Cabarrus Sen. Hartsell investigated: May have misspent campaign money
By Emery P. Dalesio
RALEIGH (AP) — North Carolina elections officials decided Wednesday to send state prosecutors the findings of their two-year investigation into a powerful state senator’s use of campaign contributions from political supporters on personal expenses from speeding tickets to shoe repairs.
The State Board of Elections on Wednesday voted unanimously to refer the 700 pages of investigative findings involving spending by state Sen. Fletcher Hartsell, R-Cabarrus, to state and federal prosecutors. The board also agreed it would decide whether to fine the 24-year Senate veteran by the end of the year.
The elections board only had to determine there was reason to believe there may have been a violation, said elections board chairman Joshua Howard, one of three Republicans on the five-member board. Prosecutors would have to weigh the evidence to a higher standard before any potential criminal charges.
The investigation, whose results were revealed for the first time Wednesday, portrayed Hartsell as a lawyer who operated with a professional duty to keep client funds separate from his own, yet who allowed himself a generous definition of reimbursable expenses related to campaigning or serving in the Legislature.
During the more than 18 hours Hartsell spent describing his campaign accounting to elections board investigators, he defended charging his campaign for haircuts because the senator claimed if he hadn’t entered public life he’d grow his hair long like a hippie, Howard said.
Hartsell owned two antique Studebaker autos and three other cars and claimed gas and maintenance costs for all of them against his campaign account because he might drive any of them to Raleigh, state elections director Kim Strach said. The senator also argued funds from campaign contributors should pay the cost of renewing his driver’s license because he may have gone without it except for the need to drive to the state capital.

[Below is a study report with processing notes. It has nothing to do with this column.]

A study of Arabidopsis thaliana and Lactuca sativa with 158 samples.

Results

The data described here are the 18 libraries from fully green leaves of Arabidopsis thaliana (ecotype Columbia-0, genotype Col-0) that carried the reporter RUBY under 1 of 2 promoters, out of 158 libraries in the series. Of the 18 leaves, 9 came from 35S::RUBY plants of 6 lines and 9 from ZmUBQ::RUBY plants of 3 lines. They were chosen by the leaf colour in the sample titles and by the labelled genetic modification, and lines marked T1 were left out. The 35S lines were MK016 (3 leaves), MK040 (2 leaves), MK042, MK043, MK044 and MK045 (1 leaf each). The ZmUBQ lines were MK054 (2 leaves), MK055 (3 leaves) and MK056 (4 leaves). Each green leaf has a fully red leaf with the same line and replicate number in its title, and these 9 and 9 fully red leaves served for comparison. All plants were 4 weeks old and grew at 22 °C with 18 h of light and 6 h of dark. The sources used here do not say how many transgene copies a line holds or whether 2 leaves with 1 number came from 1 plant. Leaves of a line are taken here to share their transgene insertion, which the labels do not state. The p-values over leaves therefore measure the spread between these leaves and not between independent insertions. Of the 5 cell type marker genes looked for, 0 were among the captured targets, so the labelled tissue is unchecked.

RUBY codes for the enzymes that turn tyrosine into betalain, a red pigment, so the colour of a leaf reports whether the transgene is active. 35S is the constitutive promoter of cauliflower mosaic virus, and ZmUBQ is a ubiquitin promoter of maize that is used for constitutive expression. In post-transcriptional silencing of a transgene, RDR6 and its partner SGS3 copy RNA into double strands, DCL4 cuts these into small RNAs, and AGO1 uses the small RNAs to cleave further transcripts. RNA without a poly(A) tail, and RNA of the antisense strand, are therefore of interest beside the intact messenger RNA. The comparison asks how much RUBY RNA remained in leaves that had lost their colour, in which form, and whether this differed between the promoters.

Howard and board member Joshua Malcolm, a Democrat, said they doubted Hartsell mixed up accounts through bad bookkeeping since they came at a time the senator carried heavy debts on nearly a dozen credit cards.
“I think we see a pattern here of opaque and circuitous disclosures,” Howard said. “It bothers me that those go on at a time when the official seems to have generated significant personal debt and also is spending campaign money on what appears to be purely personal purposes.”
Between 2000 and 2012, Hartsell’s campaign fund paid the senator $345,320. How much of that was legitimate and how much crossed the line isn’t fully clear, Strach said. Elections board investigators estimated that the senator collected nearly $110,000 in overpayments between 2009-2014, the report said.
Hartsell didn’t have a primary or general election opponent in 2012.
Hartsell didn’t attend the elections board hearing, which came as the Senate debated its proposed state budget. He said he was disappointed with the board’s decision but had no further comment. He also declined comment on the state Democratic Party’s recommendation that he resign.
Hartsell joined the Senate in 1991. He has leadership roles on a Senate judiciary committee and the tax-writing committee. He has served as chairman of the Legislative Ethics Committee.
Hartsell’s campaign accounts had never been audited in his 24-year legislative career because he filed his required reports on paper rather than electronically and the elections board lacked sufficient staff, Strach said. That changed after a 2013 article in the News & Observer of Raleigh raised questions about credit card payments Hartsell made using campaign funds.